Nanoparticles…….New Incinerators, New waste streams, New Problems. The changing face of waste, more metals, more electricals and more plastics.
When you put metals into a furnace they are usually lumps, large or small and relatively safe, you can’t breathe a lump of lead in, for example. After you have heated them up, and made them go through chimney reactions they become very tiny particles and become very much more dangerous, mercury and cadmium being particularly serious examples. You will be surprised to hear that there are no laws regulating heavy metal discharge levels in air, apart from lead, so that councils can get away with not monitoring them. The levels of metals emitted by incinerators is very high, and much higher than found in emissions from cars. You may well hear of PM 10’s or even PM2.5’s….these particles are PM0.18’s! Filters designed for bigger particles won’t be able to cope…..even now cyclists masks do not protect them from traffic particulates. There is evidence from Mexico city that these can pass directly into the brain, via the nose, as well as being small enough to get into the blood via the lungs.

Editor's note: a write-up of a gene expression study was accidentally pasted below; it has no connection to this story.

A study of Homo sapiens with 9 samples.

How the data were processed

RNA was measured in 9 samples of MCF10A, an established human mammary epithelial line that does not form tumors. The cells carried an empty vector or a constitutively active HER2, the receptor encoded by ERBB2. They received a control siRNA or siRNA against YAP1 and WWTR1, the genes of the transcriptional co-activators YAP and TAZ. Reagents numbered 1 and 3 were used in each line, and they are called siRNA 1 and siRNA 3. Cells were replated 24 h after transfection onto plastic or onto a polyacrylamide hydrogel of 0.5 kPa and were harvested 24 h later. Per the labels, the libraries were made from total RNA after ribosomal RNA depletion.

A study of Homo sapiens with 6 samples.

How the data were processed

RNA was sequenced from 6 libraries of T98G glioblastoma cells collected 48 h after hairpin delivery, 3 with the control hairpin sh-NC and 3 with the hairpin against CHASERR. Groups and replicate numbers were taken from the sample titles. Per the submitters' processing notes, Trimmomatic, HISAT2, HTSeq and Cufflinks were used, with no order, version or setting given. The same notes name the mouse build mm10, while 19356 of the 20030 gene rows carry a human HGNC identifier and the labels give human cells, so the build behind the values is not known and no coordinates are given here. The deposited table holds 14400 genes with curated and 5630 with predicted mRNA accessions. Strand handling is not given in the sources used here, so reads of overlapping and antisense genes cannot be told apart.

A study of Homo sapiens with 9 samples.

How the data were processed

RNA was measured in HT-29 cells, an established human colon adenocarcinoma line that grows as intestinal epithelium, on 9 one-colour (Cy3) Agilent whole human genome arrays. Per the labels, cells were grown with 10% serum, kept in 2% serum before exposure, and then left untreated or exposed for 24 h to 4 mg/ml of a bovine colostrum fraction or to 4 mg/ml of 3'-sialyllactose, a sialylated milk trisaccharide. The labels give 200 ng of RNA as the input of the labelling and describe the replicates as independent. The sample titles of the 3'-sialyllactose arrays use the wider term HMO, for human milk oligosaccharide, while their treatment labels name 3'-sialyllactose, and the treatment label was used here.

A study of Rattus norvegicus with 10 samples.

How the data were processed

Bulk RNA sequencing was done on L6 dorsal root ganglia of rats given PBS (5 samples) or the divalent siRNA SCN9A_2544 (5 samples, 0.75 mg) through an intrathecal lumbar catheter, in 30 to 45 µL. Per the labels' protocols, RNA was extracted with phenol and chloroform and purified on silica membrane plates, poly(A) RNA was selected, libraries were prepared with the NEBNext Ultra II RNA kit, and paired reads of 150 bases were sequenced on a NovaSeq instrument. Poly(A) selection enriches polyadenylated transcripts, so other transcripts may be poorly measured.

Another very real problem is the plastic packaging that everybody has got used to, as well as the plastics in bottles etc. PVC doors and windows are more than 90% organic chlorine, and will become more of the waste stream in future. The chlorine atoms in plastic are related to the formation of dioxins, directly. The more plastic in the burn the more dioxins are produced, to enter the merry-go-round of afterburning, flue gas washing and filter capture (or not!).
Many electrical goods contain PBDEs, polybrominated diphenyl ethers, and are finding their way into incinerator waste streams. They are also the flame retardants in furniture, now a legal requirement.
The face of incineration has changed in more ways than one. There are no easy reassurances, and no easy way to check what was on that lorry that just went in the depot. You can guess the number of wrongly declared lorry loads in the world history of incineration, but, by the time they got discovered, it was all too late.